A new, $148.5 million connector building dedicated Thursday at Los Angeles International Airport will save millions of travelers time and inconvenience catching flights between Tom Bradley International Terminal and five domestic terminals.
• VIDEO: Get a mini-tour of the new building as Mayor Garcetti speaks
At a ribbon-connecting ceremony in front of a glassy bridge with an airfield-view, Mayor Eric Garcetti and airport officials clasped the buckle of an oversized seat belt and hailed the facility as an important piece of a $14 billion modernization of the world’s seventh-busiest airport.
The multilevel, airside building provides direct access between Tom Bradley International Terminal and south-facing Terminals 4-8, eliminating the need for passengers to exit one terminal, walk or take a shuttle outside, and go through TSA lines to enter the other.
Instead, they can take moving walkways and escalators through a towering, light-filled atrium, and rescreen at a much less crowded internal checkpoint.
Only two of four screening lanes have been needed to process about 3,000 passengers a day since a soft opening in the spring, officials said.
Garcetti called the completion of the project “a big step forward in our vision to make LAX a first-class airport, a world-class airport that increasingly matches the dynamism and the creativity of L.A. — a place that delivers the best first and last impression.”
• PHOTOS: Looking around the new connector building at LAX
Some 52.3 million travelers passed through Tom Bradley International Terminal and the south-facing terminals last year — about 70 percent of overall passengers, according to Los Angeles World Airports, the city agency that runs the airport.
“We’re going to have a more effective, more efficient LAX, one with less time and headaches and more time doing the fun things at an airport — shopping, eating, getting excited about your flight or being welcomed into this great city,” Garcetti said.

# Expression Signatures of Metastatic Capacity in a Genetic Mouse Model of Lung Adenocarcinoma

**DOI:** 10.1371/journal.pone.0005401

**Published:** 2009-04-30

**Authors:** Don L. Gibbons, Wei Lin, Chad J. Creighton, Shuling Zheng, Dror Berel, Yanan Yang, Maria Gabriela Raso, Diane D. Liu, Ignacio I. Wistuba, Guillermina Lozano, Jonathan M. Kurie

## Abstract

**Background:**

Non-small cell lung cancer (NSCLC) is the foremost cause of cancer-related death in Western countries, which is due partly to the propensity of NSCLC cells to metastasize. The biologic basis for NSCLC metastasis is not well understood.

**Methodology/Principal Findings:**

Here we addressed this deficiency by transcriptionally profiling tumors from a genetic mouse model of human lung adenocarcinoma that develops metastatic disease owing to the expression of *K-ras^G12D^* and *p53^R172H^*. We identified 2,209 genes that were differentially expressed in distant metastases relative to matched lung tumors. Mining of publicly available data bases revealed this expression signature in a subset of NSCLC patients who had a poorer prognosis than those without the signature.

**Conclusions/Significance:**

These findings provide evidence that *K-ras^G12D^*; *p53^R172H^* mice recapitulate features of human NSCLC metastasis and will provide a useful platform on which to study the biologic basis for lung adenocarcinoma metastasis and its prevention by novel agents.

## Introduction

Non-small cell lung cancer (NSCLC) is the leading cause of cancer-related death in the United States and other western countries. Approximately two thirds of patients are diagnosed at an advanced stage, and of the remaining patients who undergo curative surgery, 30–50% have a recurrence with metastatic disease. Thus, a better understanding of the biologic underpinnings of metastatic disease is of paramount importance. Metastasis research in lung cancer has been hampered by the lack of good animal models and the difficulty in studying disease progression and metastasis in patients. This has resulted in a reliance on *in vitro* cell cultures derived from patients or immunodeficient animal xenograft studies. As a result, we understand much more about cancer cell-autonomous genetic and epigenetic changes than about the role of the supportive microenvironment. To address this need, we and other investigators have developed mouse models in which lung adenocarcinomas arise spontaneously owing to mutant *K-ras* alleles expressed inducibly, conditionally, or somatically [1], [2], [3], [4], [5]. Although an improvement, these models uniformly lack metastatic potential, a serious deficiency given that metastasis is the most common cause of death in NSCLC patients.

Two days earlier, the mayor took aim at Republican presidential nominee Donald Trump, who described LAX and other major U.S. airports as having “Third World” conditions during the first presidential debate on Monday.
Councilman Bob Blumenfield, who chairs the city committee that oversees the airport, said the facility does more than prevent headaches, but provides “a more unified front door to L.A.”
The connector, which spans 104,000 square feet on five levels, is the first nonresidential building to meet the city’s Tier 2 green standards. Another is planned to link Tom Bradley International Terminal and Terminals 1-3, according to airport officials.
Sean Burton, president of the city Board of Airport Commissioners, said he has heard anecdotally that the connector saves passengers about 45 minutes catching connecting flights.
A changing landscape
Deborah Flint, CEO of Los Angeles World Airports, said the new building represents the direction of a series of massive renovations planned for the airport.
“Connectivity through the entire airport experience is the future of LAX,” she said, adding that train connection is just a few years away.
A $5 billion transit overhaul to be completed by 2024 — and detailed in a recently released environmental impact report — includes two off-site intermodal transfer facilities for trains, buses and vehicles, a consolidated rental car facility, and a 2.25-mile elevated automated people mover.
In August, LAX settled a lawsuit from neighboring residents over concerns with noise and environmental pollution, primary from plans to move a north runway closer to homes in Westchester.
All of the changes, Flint said, “will alleviate tremendous traffic in and around the airport area and provide further connectivity, seamlessness and efficiency that this great city and its passengers deserve.”